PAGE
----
Health & Safety

March 29, 2012

Tuberculosis still poses risks today

Written by: anradmin

World Tuberculosis Day took place March 24.  An estimated two million people die every year around the world due to a known and treatable disease.  The disease in question is not one whispered in fear and cannot be immunized globally to prevent the spread of the pandemic.  The disease is tuberculosis, or historically known as “The Red Death,” “Consumption,” “the Romantic Disease,” and “Lunger Disease.”

TB is one of the oldest known bacterial pathogens.  Animal remains from 100,000 years ago show spinal columns infected with TB.  Humans were infected between 20,000 and 5,000 B.C.  The civilizations of Egypt, Greece, India, China and the Incans have physician notes or archaeological records of TB within their societies.  Queen Nefertiti’s mummy shows she may have died from TB.  In 460 B.C., Hippocrates wrote that TB was one of the leading causes of death within ancient Greece.

By the beginning of the 18th and 19th centuries, industrial revolutions in Europe and America started to take hold, so did TB. People were leaving their farms, moving to big cities and living in crowed housing with limited sanitation.  It is estimated that 30 million people immigrated to the United States between 1836 and 1914, most of whom settled in densely populated cities.  These conditions contributed to more cases of TB disease, with nearly one-third of deaths at that time related to TB.

By the beginning of the 20th century, scientific advances helped diagnose and treat TB.  Inventions like the stethoscope and x-rays helped provide a clear picture of how the disease progresses.  The first antibiotic to have an effect on Mycobacterium tuberculosis, was Streptomycin, developed in 1944.  This medication is still used today, along with other medications.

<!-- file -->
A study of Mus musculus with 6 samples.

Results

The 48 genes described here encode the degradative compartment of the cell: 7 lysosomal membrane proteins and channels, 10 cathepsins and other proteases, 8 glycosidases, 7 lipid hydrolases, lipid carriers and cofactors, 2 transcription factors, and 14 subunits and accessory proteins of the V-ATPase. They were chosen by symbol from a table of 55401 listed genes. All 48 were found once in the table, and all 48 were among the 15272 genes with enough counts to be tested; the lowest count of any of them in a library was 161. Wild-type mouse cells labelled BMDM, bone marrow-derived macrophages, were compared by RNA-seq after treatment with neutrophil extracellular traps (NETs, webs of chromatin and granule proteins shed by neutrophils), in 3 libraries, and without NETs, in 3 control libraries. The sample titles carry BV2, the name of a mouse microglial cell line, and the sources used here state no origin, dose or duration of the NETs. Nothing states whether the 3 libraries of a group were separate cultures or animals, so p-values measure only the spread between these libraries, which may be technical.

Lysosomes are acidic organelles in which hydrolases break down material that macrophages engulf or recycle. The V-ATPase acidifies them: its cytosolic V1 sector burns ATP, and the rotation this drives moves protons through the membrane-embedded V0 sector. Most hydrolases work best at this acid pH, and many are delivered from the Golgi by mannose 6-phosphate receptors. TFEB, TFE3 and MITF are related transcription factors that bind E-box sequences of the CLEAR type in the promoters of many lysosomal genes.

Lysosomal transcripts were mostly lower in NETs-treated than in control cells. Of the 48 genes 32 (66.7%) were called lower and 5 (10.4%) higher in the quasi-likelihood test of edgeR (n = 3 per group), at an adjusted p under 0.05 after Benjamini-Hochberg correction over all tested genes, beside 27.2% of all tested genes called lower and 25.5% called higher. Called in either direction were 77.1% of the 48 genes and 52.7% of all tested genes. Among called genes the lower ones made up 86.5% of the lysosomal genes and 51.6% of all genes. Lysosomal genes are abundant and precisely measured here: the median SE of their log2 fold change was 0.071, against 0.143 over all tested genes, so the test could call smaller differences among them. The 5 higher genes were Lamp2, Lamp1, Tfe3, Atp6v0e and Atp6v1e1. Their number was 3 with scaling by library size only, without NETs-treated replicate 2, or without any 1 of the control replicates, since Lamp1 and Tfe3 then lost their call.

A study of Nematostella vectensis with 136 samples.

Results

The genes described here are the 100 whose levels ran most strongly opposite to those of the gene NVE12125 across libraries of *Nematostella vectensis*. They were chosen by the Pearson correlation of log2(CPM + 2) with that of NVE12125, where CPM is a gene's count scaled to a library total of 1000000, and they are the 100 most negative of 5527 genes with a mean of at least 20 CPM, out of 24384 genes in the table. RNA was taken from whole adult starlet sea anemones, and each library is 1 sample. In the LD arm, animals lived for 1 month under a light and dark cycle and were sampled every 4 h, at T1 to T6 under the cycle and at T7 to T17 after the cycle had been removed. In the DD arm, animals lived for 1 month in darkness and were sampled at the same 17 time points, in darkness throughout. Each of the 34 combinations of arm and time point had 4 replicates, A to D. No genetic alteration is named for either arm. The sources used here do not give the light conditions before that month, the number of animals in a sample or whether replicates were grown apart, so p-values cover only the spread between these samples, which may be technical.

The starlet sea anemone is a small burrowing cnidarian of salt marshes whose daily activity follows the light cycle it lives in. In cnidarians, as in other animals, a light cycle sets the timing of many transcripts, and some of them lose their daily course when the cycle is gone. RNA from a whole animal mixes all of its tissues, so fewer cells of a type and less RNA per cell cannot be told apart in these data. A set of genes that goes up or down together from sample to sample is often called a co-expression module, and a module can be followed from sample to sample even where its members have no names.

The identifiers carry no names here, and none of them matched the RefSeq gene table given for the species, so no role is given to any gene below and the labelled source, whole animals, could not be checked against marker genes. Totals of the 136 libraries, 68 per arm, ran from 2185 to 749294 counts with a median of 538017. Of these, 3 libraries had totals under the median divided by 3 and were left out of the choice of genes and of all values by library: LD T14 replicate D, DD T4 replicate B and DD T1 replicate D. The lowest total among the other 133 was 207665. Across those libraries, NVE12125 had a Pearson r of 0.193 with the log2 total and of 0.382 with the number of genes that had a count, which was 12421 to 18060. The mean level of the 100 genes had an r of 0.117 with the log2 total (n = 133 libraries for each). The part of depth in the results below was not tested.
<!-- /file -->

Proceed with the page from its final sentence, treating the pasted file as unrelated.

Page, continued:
The Mantoux test or the Purified Protein Derivative was developed in 1907.  This TB skin test is still used today for Soldiers deploying overseas, healthcare and childcare staff, immigrants, and those who may be in close contact with persons at high risk of infection.

Since the 1980s and the emergence of the HIV infection, there has been an increase in the number people with TB throughout the world, especially in Asia, Africa and Latin America.  According the Centers for Disease Control and Prevention, two out 10 persons who contract TB disease have HIV.  HIV weakens the immune system which makes it easier for Mycobacterium tuberculosis to progress to TB. Today it estimated that 11.4 million people have TB and HIV worldwide.

TB is caused by Mycobacterium tuberculosis, which may infect the lungs, spinal cord, brain and kidneys.  The spread of TB is actually quite difficult.  TB is airborne which means its tiny particles may stay suspended in the air and travel from one person to another. The TB bacteria go into the air when a person with TB disease of the lungs or throat coughs, sneezes, or speaks. People become infected when they breathe in these bacteria.  Thus, TB is a concern in homes or barracks where people live in close quarters.

TB is not spread by shaking someone’s hand, sharing household items, sharing food or drinks, or kissing.  Not everyone who is exposed to TB becomes infected. Not everyone who becomes infected with TB becomes sick. There are two TB-related conditions: latent TB infection (LTBI) and TB disease which is also known as “active disease.”

People with Latent TB do not feel sick and cannot spread the infection.  But, if the TB bacteria become active and multiply, the person may develop TB disease.  Symptoms of TB disease include: coughing for three weeks or longer, coughing up blood or sputum, unexplained fatigue or loss of appetite or weight loss, fever, chills or sweating at night.

For more information, visit www.cdc.gov/tb.